By Pamela Jean
Analysis | July 23, 2010

HAYS, Kan. - Researchers have now found that the destruction of old bone during normal skeletal regrowth - a process known as resorption - is necessary to maintain a healthy level of glucose in the blood. We now know that the skeleton plays an important role in regulating blood sugar. The finding, published in Cell, is important because it may lead to a greater understanding of how to treat both diabetes type 2 as well as osteoporosis.

This study has further illuminated how bone controls this process.

While resorption is a process that occurs throughout life to make way for new bone, researchers discovered that it also acts to stimulate the release of insulin into the bloodstream and improve the uptake of glucose by cells in the entire body. The findings suggest that, for some people, diabetes may develop from changes in the skeleton.

Insulin signaling in bone favors whole-body glucose homeostasis by activating osteocalcin. (1) Insulin signals osteoblasts, bone cells responsible for bone formation, which (2) tell osteoclasts, bone cells responsible for resorption, to destroy old bone. Next (3), the acidic (low pH) conditions created by the osteoclasts activates osteocalcin inside the bone. Finally (4), the active osteocalcin released from bone travels to the pancreas and stimulates the release of more insulin.

While resorption is a process that occurs throughout life to make way for new bone, findings suggest that, for some people, diabetes may develop from changes in the skeleton, and that drugs designed to stimulate the bone-insulin pathway may lead to better drugs for type 2 diabetes.

Led by Gerard Karsenty, MD, PhD, chair of the Department of Genetics and Development at Columbia University Medical Center, Dr. Karsenty's team discovered that it also acts to stimulate the release of insulin into the bloodstream and improve the uptake of glucose by cells in the entire body.

The first clue that the skeleton may have an important role in regulating blood glucose came in 2007 when Dr. Karsenty discovered that a hormone released by bone - known as osteocalcin - can regulate glucose levels. Osteocalcin turns on the production of insulin in the pancreas and improves the ability of other cells to take in glucose. Both of these processes are impaired in type 2 diabetes.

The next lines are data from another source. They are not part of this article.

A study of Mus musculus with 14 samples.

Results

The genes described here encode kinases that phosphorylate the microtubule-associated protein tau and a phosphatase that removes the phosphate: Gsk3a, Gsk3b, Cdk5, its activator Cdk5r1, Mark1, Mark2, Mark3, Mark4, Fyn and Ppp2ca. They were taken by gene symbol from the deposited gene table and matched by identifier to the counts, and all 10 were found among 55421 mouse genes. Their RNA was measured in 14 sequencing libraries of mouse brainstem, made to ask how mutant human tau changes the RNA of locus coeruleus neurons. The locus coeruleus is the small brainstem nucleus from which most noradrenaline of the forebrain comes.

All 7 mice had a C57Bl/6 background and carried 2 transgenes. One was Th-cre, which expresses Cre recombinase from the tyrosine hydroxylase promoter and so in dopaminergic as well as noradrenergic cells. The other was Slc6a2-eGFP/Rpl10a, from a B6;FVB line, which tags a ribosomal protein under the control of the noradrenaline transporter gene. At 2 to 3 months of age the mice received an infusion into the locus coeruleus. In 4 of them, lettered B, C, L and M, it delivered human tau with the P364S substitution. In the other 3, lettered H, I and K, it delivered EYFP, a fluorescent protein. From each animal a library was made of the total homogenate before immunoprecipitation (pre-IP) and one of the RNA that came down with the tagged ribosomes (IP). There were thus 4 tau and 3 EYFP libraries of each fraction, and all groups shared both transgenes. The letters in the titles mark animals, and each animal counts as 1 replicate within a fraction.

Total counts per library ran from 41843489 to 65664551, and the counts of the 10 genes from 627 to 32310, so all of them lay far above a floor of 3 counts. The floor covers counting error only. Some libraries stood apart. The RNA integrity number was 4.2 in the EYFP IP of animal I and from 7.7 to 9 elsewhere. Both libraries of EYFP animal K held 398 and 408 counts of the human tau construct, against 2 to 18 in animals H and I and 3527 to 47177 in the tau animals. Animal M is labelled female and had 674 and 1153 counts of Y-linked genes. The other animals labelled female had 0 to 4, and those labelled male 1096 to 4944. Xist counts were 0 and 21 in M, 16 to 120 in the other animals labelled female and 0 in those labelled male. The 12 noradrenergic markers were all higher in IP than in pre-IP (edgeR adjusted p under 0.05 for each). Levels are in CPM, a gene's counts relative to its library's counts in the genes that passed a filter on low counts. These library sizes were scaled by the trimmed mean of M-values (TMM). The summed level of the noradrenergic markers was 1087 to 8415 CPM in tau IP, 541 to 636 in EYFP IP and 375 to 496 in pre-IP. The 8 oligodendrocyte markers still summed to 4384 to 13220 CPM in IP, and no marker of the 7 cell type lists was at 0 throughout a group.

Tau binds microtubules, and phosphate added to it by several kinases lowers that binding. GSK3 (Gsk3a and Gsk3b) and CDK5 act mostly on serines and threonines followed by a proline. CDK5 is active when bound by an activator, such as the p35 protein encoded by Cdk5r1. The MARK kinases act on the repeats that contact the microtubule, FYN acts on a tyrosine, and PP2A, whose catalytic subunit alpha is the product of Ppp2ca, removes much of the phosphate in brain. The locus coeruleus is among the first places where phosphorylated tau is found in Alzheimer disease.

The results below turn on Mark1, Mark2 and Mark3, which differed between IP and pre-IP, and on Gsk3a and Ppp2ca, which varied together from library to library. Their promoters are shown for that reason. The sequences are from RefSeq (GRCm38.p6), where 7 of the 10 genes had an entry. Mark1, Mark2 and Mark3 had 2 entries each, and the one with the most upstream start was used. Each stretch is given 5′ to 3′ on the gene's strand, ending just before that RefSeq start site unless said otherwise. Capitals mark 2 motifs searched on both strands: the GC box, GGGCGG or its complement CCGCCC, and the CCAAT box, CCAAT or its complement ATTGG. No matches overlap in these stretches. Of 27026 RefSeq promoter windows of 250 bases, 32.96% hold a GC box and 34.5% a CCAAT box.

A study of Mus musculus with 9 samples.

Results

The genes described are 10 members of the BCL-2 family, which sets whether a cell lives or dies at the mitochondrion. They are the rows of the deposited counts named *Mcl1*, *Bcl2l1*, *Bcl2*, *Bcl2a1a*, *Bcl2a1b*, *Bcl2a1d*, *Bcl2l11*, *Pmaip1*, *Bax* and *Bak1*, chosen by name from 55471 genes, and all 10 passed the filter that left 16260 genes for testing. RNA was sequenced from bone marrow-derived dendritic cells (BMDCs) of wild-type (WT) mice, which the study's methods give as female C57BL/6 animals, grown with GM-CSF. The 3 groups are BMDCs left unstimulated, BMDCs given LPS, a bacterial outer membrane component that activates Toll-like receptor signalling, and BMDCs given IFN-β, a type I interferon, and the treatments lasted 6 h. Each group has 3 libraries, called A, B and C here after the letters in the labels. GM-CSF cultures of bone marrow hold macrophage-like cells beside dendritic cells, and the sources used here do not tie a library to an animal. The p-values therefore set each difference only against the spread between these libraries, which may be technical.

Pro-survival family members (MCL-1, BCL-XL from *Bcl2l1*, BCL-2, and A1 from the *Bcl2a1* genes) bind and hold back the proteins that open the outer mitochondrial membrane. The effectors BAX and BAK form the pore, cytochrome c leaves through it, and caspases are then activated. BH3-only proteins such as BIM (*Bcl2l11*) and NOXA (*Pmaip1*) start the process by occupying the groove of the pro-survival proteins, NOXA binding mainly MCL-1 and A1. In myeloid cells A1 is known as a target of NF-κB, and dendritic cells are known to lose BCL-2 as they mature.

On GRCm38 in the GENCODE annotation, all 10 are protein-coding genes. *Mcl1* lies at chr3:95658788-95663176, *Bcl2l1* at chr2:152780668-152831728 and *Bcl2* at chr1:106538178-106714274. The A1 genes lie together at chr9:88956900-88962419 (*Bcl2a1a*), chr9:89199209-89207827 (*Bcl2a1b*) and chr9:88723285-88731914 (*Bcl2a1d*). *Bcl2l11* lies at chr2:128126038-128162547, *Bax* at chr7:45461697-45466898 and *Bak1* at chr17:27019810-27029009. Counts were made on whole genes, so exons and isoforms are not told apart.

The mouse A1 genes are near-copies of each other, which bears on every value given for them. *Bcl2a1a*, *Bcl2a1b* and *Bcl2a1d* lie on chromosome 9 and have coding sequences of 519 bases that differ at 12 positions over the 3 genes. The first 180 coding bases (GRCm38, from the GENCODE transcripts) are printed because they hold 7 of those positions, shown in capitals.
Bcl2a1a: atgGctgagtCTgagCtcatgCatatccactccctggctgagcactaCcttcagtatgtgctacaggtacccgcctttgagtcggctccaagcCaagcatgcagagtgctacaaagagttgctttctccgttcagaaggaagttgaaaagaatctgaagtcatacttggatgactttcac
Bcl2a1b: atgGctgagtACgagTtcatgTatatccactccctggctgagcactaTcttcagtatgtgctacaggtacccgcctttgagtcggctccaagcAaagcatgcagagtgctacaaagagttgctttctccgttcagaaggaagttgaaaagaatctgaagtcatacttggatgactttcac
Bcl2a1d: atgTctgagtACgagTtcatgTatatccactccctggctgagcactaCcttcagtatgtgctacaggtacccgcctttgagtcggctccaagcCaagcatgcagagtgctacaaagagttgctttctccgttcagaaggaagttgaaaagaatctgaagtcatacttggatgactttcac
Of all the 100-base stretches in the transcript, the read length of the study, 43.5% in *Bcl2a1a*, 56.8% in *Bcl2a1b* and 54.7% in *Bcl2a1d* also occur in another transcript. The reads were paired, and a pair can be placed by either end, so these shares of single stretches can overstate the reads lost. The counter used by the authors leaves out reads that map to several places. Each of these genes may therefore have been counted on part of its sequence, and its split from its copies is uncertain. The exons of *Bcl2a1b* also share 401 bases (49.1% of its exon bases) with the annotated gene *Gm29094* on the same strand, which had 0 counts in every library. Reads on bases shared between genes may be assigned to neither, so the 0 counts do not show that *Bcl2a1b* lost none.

The new paper reveals that osteocalcin cannot work until cells that degrade bone start working and begin the resorption process. As the cells degrade bone, inactive osteocalcin is converted to its active form by the increase in acidity around the bone.

"Remarkably, insulin was discovered to favor bone resorption. Hence, in a feed-forward loop it favors the activation of osteocalcin, which in turn favors insulin synthesis and secretion," said Dr. Karsenty. "Insulin is a street-smart molecule that takes advantage of the functional interplay between bone resorption and osteocalcin, to turn-on the secretion and synthesis of more insulin."

By identifying the tight connection existing between energy metabolism and skeleton physiology - in this case between insulin and osteocalcin - this new study further underscores the wealth of physiological function exerted by the skeleton. The finding further strengthens the idea that diabetes could be treated by increasing the level of osteocalcin in the body. In addition, the researchers suggested that since most drugs to treat another condition - osteoporosis - work by inhibiting bone resorption, the drugs may decrease the activation of osteocalcin and cause glucose intolerance in some patients.

"This research has important implications for both diabetes and osteoporosis patients," said Dr. Karsenty. "First, this research shows that osteocalcin is involved in diabetes onset; secondly, bone may become a new target in the treatment of type 2 diabetes, the most frequent form of diabetes, as it appears to contribute strongly to glucose intolerance; and, finally, osteocalcin could become a treatment for type 2 diabetes."

"And for people with osteoporosis, the concern is that a common treatment, bisphosphonates - which work by inhibiting bone resorption and therefore may increase glucose intolerance, could push someone with borderline glucose intolerance into full-fledged disease onset. Although, more research is needed to study this further," said Dr. Karsenty.


1 Comment

Thanks, Polly for your bloggs on health care and issues.

The insurance companies and, sometimes, the government programs seem to be headed in the direction of centralized specialist experts and big volume mail order pharmacies.

I want all my medical care run through my local family doctor and all my prescription meds through my local pharmacy. We have personal relationships and a mutual trust of one another. All my medical care should be funneled through them. Then we don't have a problem of two or three specialists performing conflicting procedures or prescribing medications that interfere with other meds. Relying on me to give accurate description of the current pain or malfuction, as it relates to my other problems is risky, to say the least. I don't know the names or drugs of all my meds, so why should they rely on me to tell them what I'm taking or not taking. My family doctor has a progressive record of my health issues and my local pharmacist know exactly what all my prescription meds are. They can, both, spot conflicts or irregularities long before I will.

Our health care system needs to stress the value of regular health care from a local doctor and support local availability and access to prescription pharmaceuticals.

There will come a time when my family doctor and local pharmacist will be a very critical needed part of my making decisions concerning health care that doesn't really enhance life but merely prolongs death. It is most unfortunate that we allowed the opposition to a national health care program to label the end of life consultants "Death Panels"!